This success story started with I want to be a caricaturist and ended with I am one of the 100 most influential women selected by the BBC for 2016. Except this isn’t the end or even close to it, the spark we saw in Doaa el Adl’s eyes reveals that she is only getting started. Starting off as a cartoonist in Al-Dostor newspaper, Rose Al Youssef Magazine and Sabah El Kheir Magazine, this gifted woman has created a career ladder that she has ascended with much pride. In the field of children illustrations, she has contributed to Qatr El Nada, Alaa-ElDin and Bassem Magazines. Eventually she landed in prominent newspaper Al-Masry Al Youm as an extraordinary caricaturist. Not settling for just local success, Doaa has also participated in many exhibitions in France, Italy, Spain, Tunisia, winning several awards.
“They assumed that I’d get married and stay home. They didn’t expect me to commit”
The fine arts graduate is one of very few females in her field, “When I first started, I wasn’t overly concerned about being the only woman. I was just trying to follow my passion,” Doaa tells. “Those older than me were very encouraging, whilst those younger were denying the possibility of this being a long-term career. They felt that I’d try it out for a while and then quit like those before me. They assumed that I’d get married and stay home. At that time, the last female caricaturist had quit after three years. They didn’t expect me to commit longer than that, but I did, and when I broke those three years I felt relieved. Now I can proudly say that I have been 10 years in this business,” she adds.
In a society that raises girls to become housewives, further societal dimensions to a woman are marginalized. “Our society adopts the idea of women sacrificing their lives for the sake of their kids, without having their own independent dreams. Some women end their careers when married, especially if their partners don’t encourage them to keep going. So, there are these stories but there are also success stories of women who continued anyway.”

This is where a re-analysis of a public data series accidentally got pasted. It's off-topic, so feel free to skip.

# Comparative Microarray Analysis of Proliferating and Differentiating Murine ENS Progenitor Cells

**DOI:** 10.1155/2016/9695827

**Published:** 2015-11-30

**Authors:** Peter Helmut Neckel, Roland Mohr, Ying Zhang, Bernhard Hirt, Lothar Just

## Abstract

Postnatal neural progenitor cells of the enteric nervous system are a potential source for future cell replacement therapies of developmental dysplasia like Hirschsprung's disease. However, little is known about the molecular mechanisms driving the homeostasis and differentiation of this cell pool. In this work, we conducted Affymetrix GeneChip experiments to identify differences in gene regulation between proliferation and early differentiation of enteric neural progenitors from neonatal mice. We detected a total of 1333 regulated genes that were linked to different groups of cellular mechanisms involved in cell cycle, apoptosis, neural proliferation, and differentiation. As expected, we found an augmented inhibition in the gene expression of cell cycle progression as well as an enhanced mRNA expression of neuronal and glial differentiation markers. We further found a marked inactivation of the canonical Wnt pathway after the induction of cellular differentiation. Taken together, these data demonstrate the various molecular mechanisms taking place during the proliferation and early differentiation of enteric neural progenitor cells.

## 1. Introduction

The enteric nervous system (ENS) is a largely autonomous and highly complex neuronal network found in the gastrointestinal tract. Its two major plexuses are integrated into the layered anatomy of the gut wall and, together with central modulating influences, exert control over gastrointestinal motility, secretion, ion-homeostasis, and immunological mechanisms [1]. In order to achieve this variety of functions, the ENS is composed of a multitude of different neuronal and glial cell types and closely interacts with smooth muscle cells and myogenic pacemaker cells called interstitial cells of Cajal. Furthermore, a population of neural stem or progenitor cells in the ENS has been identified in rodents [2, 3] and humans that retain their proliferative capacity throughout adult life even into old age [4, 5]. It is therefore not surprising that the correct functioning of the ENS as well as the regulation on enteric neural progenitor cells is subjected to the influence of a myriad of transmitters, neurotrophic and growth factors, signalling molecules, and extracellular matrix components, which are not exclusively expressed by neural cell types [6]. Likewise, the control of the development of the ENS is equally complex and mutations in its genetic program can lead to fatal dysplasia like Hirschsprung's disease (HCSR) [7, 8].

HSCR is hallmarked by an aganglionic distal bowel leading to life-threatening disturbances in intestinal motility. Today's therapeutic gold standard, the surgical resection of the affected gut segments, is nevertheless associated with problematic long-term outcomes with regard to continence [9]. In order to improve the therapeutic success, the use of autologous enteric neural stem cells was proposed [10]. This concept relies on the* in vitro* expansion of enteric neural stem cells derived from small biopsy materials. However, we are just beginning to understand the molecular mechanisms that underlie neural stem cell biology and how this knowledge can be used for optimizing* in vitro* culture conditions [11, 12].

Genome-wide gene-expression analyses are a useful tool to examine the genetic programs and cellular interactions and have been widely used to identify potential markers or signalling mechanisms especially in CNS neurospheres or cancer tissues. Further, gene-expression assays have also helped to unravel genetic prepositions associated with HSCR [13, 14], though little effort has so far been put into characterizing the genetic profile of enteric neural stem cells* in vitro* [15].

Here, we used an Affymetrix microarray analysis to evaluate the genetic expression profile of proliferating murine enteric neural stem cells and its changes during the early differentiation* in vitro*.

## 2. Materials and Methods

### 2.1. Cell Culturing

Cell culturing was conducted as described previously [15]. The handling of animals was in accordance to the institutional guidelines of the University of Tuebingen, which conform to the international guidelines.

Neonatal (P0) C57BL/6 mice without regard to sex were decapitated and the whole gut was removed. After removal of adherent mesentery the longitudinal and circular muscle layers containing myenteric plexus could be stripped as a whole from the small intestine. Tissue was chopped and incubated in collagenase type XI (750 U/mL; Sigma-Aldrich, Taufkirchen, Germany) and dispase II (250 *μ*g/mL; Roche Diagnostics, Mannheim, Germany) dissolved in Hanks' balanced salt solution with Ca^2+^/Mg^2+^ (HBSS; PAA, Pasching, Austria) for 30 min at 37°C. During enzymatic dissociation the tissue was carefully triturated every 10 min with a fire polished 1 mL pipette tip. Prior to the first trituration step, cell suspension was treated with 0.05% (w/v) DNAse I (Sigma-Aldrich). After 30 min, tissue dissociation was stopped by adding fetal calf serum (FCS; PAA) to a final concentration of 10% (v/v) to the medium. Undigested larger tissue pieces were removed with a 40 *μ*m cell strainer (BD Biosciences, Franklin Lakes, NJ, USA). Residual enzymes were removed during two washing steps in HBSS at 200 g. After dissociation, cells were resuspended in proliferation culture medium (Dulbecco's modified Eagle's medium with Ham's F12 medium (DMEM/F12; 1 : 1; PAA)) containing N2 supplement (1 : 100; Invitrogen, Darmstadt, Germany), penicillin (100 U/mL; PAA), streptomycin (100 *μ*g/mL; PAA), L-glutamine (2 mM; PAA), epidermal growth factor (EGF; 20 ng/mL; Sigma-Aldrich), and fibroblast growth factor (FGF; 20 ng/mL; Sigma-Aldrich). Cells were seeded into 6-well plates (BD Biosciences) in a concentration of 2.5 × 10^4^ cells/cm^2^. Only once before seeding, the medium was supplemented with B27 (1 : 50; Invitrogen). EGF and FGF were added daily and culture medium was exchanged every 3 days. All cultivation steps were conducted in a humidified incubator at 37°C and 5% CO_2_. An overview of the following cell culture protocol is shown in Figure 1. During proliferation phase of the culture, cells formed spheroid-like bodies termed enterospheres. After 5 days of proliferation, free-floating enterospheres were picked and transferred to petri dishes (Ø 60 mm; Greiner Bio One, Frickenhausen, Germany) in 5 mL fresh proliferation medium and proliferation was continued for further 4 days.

On the issue of restrictions, this exquisite caricaturist says her quill has been directed by only herself, “the privilege of working in a liberal newspaper like Al Masry Al-yoom is that you can see very different and sometimes opposing opinions right next to each other. A Minister could publish an article in our newspaper and yet the neighboring piece could be criticizing or attacking that same Minister,” she says adding, “No one ever told me what to draw, or banned any of my work. However lately, lack of information is the most catastrophic issue we battle with. Usually when there is any prominent issue, we don’t get any information about it. It is like working in the darkness. There are a lot of topics that we’d like to draw about but can’t because we don’t have enough information.”
“When I first joined this field, I started looking into the history of caricature to see how women were featured. At its lowest, Caricature featured women as the mother-in-law, the fat person, the evil or weak woman. At its peak, this image was transformed into a more powerful one. In my own caricature, a woman is an active participant, a dynamic entity, one that can mouth the comment. I empower women through my art, not just because I am a woman, I always tend to empower the party that is being weakened,” she argues.
“If women have a problem, then the society has a problem.”
This visionary artist has just finished working on her first book, that comes out on the 23rd of February. “It’s an artistic book made up of 50 caricatures featuring 50 women. It is divided into three section, the first is about the problems women face, ranging from the easy to the complex, (e.g. to be rejected because of color, shape, looks). The second section is about laws that discriminate against women. The third section is about positive images that empower women. Such issues have always concerned me because if women have a problem, then the society has a problem.”
For the past years, sarcastic commentary has been the most powerful and expressive portrayal of reality, “Sarcasm is venting, it helps people accept their realities. But it also has a greater role. In the bombing of the cathedral church for example, I drew a Mawled-doll wearing black and crying. The main message conveyed in this drawing was that we are just as hurt and devastated as our nation partners are. It was like patting them on the back. The responses and feedback I got on this piece were huge.”
For more of Doaa El-Adl’s work, follow her Facebook Page.